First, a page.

ST. LOUIS — Businesses across St. Louis boarded up their windows Tuesday night bracing for another night of violence, but most of the city stayed quiet.
Mayor Lyda Krewson issued a curfew for the city from 9 p.m. to 6 a.m. until further notice.
Anyone not going to or from work or the hospital during that time could be subject to arrest, she said.
The St. Louis Metropolitan Police Department recorded one shooting overnight. A man was shot in the leg at about 3:16 a.m. while walking on Goodfellow Boulevard near Howell Street in north city. He was taken to a hospital.
Police said eight people were arrested in the City of St. Louis for violating the curfew.
The St. Louis County Police Department said that it didn't respond to any major incidents Tuesday night.
St. Louis Police Chief John Hayden said in a riot, a curfew can help police get control.
“There are so many businesses, it’s impossible to protect them all at the same time, so what we do is we try to protect ourselves as we’re protecting businesses, but it is very difficult when you have 300 people running around all over the place,” he said Tuesday during in a news conference.
“And, of course, the mayor’s curfew that’s she’s instituted will help us be more on the offensive as opposed to just defending things,” the chief said.
Just before 10 p.m. in the Central West End, several police officers blocked off Euclid Avenue between Lindell Boulevard and Maryland Plaza.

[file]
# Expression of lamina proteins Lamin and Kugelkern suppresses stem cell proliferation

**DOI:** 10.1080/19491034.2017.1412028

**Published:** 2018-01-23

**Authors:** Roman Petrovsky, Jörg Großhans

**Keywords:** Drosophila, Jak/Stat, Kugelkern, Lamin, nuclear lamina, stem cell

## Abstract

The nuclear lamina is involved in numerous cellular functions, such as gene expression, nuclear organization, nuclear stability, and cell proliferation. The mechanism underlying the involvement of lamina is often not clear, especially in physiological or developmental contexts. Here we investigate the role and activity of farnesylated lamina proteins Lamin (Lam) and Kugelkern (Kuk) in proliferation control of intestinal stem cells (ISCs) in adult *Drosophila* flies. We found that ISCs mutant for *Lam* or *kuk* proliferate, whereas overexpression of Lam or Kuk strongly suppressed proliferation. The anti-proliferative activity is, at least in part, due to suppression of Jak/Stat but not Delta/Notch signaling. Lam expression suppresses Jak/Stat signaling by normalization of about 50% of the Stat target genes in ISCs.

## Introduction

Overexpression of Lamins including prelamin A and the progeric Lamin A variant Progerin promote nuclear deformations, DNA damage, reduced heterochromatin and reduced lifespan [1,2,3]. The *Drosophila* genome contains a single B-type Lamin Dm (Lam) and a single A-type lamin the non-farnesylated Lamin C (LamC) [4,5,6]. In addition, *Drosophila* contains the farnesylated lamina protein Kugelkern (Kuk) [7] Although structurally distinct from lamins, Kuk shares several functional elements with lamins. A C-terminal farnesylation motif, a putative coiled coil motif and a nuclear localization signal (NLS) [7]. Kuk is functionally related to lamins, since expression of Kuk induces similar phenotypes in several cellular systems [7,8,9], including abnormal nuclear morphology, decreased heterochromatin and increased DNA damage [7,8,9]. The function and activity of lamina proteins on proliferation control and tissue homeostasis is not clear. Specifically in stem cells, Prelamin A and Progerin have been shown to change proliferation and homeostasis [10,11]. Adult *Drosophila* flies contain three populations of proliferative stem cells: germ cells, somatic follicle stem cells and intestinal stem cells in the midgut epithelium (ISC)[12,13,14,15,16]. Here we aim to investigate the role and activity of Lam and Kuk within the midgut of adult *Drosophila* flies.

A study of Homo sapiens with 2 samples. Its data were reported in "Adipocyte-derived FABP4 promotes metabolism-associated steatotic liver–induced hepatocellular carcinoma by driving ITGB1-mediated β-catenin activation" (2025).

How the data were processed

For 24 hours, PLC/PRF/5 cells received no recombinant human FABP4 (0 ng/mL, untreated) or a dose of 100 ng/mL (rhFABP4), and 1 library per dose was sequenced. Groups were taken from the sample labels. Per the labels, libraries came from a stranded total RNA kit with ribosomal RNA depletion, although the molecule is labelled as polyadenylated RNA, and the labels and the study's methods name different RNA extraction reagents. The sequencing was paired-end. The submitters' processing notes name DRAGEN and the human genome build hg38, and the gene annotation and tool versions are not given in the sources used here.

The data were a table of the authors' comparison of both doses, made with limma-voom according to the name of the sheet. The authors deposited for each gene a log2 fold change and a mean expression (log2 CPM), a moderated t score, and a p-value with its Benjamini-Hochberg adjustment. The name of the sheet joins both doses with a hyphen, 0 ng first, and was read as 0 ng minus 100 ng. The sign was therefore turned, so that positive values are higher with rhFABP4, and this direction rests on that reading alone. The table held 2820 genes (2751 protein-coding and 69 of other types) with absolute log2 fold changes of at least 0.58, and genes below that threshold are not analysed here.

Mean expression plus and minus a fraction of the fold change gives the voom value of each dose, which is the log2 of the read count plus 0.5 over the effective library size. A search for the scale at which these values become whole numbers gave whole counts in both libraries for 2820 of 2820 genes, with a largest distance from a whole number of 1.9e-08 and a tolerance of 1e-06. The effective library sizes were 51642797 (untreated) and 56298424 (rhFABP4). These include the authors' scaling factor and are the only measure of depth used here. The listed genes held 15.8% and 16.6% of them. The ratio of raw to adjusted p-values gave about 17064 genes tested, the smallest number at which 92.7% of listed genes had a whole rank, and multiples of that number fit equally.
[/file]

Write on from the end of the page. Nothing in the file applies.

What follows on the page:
One officer told a 5 On Your Side crew they were there for “prevention,” but the street remained otherwise quiet.
Several work crews spent the afternoon hammering plywood onto windows along Euclid, trying to finish the work before sunset.
“They said that let’s be proactive and get some windows boarded up before they’re all broken,” contractor Tony Trotter said.
Many businesses along Euclid experienced smashed windows before, during the Stockley protests in 2017.
The BBQ Saloon is one of them.
Owner Phil Czarnec spent Tuesday afternoon boarding up the restaurant, which he said hasn’t filled even the 25 percent capacity allowed since he reopened after the city’s stay-at-home order.
Even though the curfew could impact the little business he is receiving, he said it’s worth it.
“It’s a good thing, yeah. Until this calms down, there’s no need to put people at risk. So if they need encouragement to stay home, there you go,” he said. “It’s a curfew. Stay home.”